Sell Out Now
Issue

7.1 / Sell Out Now

September 10 2015

Introduction

I know what you’re thinking: how cynical of Art Practical to give a dealer the job of editing an issue devoted to punk rock. Dealers are the monetizers of culture, the fork-tongued descendants of hip capitalists, those Bill Graham music presenters of hippie days gone by who set the standard for co-opting counterculture so it can be watered down and sold back to the mainstream as a T-shirt or an album. The choice seems even more galling since one of the things people cherish about punk rock—perhaps the thing they cherish most about punk rock—is the value placed on authenticity. The Wikipedia definition of selling out includes a section on punk rock. That's like saying there's a picture of Jello Biafra in the dictionary next to authenticity. That scenario would be comical if not for the subject's sour gravity, which you can taste in the suicide note of Kurt Cobain, who lost touch with that authenticity and paid for it with his life. Listen to the despair in his voice after falling prey to the falseness that so often accompanies fame and fortune: "All the warnings from the punk rock 101 courses over the years, since my first introduction to the, shall we say, ethics involved with independence and the embracement of your community has proven to be very true." — Steven Wolf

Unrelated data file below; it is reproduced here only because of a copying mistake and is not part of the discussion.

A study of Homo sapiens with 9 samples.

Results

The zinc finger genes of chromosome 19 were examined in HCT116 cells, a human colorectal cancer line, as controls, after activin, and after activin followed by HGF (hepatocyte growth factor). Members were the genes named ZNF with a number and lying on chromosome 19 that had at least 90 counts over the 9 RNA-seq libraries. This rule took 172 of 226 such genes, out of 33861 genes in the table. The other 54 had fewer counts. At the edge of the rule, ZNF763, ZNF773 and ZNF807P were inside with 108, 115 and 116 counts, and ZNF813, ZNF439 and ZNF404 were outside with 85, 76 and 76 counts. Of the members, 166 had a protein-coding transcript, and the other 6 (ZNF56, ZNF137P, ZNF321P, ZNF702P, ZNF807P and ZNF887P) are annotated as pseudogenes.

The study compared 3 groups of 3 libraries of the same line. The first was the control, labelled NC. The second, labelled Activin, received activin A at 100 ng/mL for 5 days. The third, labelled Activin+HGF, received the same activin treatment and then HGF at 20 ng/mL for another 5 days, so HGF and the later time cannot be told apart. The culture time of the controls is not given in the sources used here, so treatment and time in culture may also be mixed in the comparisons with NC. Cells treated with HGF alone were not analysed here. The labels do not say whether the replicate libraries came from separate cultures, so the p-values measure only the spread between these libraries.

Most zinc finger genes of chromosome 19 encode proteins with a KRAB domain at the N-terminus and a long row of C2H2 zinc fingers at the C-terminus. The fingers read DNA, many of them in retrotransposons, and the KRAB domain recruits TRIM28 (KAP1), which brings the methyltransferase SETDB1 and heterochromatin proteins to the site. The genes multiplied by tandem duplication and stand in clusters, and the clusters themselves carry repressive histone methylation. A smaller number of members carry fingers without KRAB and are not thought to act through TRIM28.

Features

Sell Out Now

Sell Out Now

By Steven Wolf

When punk rock came along with its backslang of exclusivity, its lions’ gate of dark aesthetics and angry ideology, it perfectly suited my needs.


A Brief History of Riots: 1977

By Allan deSouza

1977 was a coming of age of new communities fighting for their rights of citizenship, forming new identifications, and transforming the social landscape with different kinds of bodies and hybrid cultural manifestations.


Punk Thing

By Brandon Brown

From grief and distortion, from anger and a wild commitment to new sights and sounds, punk came into existence.


Excerpts from Clerk Fluid

By Steven Wolf

These three pages from Clerk Fluid (2009) feature a well-intentioned text overlaid with Mark Flood’s own sarcastic reading.


Quivery and Costumed

By Kirsten Olds

The performance is shaped by what’s reflected in the mirror, an image that is distorted, and, of course, fleeting. 


Interview with Juan Luna-Avin

By Steven Wolf

Punk recordings began to appear about 1983 and reflected the intensity of a city that was under the watchful eyes of the government.


Echoes Are All I See

By marcella faustini

The unraveling and blurring of the psyche in the urban setting is, ultimately, the most compelling element of Miller’s work.